Solomon R. Guggenheim Museum
Solomon R. Guggenheim Museum
5th Ave at 89th St.
10128 New York
Lee Ufan, "From Line," 1977. Glue and mineral pigment on canvas 182 x 227 cm.*

Solomon R. Guggenheim Museum

The Solomon R. Guggenheim Museum is pleased to announce the following public programs organized in conjunction with the exhibition Lee Ufan: Marking Infinity on view through September 28, 2011.

Solomon R. Guggenheim Museum
5th Ave at 89th St.
New York City


New Commission: On Vanishing choreography by Jonah Bokaer
Thursday, July 14, 6 pm and 8 pm

Award-winning dance and media artist Jonah Bokaer has created a new site-specific choreography to be performed on the Solomon R. Guggenheim Museum’s Rotunda floor in response to the exhibition Lee Ufan: Marking Infinity. Referencing Lee’s multidisciplinary use of space, On Vanishing unfolds as an uninterrupted 40-minute work and presents an accumulation of changes in the bodies of five performers of diverse backgrounds. Through movement and gesture, dimensions of space grow and expand over time, while other dimensions decline. In his first-ever choreographic dialogue with sculpture, Bokaer poses the question “How does the body erase itself, to prefer matter against presence?” Loren Kiyoshi Dempster contributes music with a rare live performance of John Cage’s One8 (1991) for solo cello. Admission is limited and will involve floor seating or standing on museum ramps. On Vanishing is generously supported by The Peter Jay Sharp Foundation. See the Public Programs schedule for tickets and more information.


Art of Encounter
Tuesday, July 26, 6:30 pm
Situated within Lee Ufan’s historic Mono-ha “School of Things” work from the late 1960s-early 1970s and the recent Dialogue paintings series, a gathering of poets, critics, philosophers, and multidisciplinary artists read excerpts from Lee Ufan’s writings on aesthetics and philosophy translated into English. Celebrated readers include Jonah Bokaer, Young-ha Kim, Larissa MacFarquhar, Andrew Solomon, John Yau, and others. A reception follows. See the Public Programs schedule for tickets and more information


Anpo: Art X War
Fridays, July 1-September 23 (except July 15), 1 and 3 pm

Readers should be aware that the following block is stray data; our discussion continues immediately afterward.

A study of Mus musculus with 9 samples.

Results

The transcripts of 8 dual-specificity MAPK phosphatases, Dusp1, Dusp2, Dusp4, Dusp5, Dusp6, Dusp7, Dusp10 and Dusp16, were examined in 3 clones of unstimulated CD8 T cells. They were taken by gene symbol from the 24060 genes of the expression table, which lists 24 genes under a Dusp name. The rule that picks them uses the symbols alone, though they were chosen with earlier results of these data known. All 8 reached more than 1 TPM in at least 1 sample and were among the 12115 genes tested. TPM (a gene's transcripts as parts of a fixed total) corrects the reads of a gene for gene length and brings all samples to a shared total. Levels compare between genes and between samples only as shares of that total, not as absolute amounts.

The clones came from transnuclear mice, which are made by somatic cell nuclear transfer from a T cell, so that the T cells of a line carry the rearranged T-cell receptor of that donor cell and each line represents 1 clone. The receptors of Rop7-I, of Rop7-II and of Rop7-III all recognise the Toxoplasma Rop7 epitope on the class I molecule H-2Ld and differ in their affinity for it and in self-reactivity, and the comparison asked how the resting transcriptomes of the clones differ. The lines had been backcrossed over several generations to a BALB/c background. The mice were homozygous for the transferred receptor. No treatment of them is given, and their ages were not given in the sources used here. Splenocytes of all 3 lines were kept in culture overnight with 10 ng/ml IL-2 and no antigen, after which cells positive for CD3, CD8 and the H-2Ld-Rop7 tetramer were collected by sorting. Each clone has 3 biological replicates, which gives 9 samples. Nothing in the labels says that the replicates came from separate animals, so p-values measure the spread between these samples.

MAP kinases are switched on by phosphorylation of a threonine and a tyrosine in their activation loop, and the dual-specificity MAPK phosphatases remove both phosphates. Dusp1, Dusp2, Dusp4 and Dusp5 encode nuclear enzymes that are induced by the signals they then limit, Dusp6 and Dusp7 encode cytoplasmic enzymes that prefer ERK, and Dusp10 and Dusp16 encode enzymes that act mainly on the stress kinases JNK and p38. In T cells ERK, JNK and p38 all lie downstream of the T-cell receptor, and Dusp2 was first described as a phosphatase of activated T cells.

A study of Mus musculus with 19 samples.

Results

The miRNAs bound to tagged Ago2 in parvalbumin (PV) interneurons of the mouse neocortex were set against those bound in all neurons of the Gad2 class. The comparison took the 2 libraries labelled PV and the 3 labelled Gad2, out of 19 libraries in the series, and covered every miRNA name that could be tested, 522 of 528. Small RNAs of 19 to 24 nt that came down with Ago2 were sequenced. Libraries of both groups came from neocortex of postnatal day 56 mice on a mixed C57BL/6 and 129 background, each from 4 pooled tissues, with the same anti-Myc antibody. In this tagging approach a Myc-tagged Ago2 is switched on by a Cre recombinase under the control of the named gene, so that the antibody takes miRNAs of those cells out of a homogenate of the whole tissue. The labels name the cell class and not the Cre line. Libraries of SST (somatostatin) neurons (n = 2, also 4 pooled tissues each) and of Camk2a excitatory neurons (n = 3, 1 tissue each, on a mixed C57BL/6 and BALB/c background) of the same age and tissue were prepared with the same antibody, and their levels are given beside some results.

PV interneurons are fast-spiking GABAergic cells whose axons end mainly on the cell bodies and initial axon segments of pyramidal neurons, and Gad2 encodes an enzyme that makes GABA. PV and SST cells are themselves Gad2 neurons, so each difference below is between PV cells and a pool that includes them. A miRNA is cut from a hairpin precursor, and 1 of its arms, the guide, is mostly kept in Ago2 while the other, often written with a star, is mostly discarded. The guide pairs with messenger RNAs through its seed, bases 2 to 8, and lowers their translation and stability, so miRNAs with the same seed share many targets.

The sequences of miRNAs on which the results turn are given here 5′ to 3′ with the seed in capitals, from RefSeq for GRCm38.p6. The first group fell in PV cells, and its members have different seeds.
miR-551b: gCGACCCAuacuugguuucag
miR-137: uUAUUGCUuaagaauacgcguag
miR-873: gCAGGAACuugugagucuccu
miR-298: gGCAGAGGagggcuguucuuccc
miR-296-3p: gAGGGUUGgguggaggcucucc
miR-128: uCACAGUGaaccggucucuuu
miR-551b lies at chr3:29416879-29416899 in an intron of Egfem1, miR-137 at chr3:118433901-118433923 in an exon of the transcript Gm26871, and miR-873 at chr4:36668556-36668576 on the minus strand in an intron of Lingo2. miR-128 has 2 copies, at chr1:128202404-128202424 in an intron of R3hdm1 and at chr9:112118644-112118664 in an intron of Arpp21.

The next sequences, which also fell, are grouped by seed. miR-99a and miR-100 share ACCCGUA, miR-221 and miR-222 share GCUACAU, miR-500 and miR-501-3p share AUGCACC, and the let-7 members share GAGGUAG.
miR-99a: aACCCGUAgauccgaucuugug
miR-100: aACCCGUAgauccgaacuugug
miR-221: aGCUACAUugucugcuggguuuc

Directed by Linda Hoaglund
ANPO: Art X War chronicles the artistic response to U.S. military presence in postwar Japan, a movement which produced a richly diverse corpus of art and film. The social and political protests that spread around the world in the 1960s effected radical shifts in artistic practice; it is within this context that artist-philosopher Lee Ufan boldly expanded the language of Post-Minimalism and its visual and conceptual possibilities. ANPO refers to the U.S.-Japan Mutual Cooperation and Security Treaty, which permits the continued presence of U.S. military bases in Japan. A wide range of Japanese artists addressed this resistance, creating a rich archive of works that includes many long hidden from view. This film reveals the extraordinary passion behind this treasure trove of paintings, photographs, anime, and documentary and narrative films. Director Linda Hoaglund will be available for questions after the 3pm screening on September 9. Films are free with museum admission. Film screenings are made possible with public funds from the New York State Council on the Arts.


Mind’s Eye
Monday, July 11, 6:30 pm
Serving visitors who are partially sighted or blind, this monthly program provides an opportunity to explore Lee Ufan: Marking Infinity through Verbal Imaging and interactive discussion led by arts and education professionals committed to shared conversational exchange. RSVP required. Learn more about Mind’s Eye programs.

Lee Ufan: Marking Infinity is made possible with lead sponsorship from Samsung. Major support is provided by the Korea Foundation. Generous funding is also provided by The Japan Foundation. Additional support is provided by the E. Rhodes and Leona B. Carpenter Foundation. The Leadership Committee is gratefully acknowledged.
*Image above:
The National Museum of Modern Art, Tokyo. Photo: Nic Tenwiggenhorn, DГјsseldorf/VG Bild-Kunst, Bonn, courtesy Lee Ufan.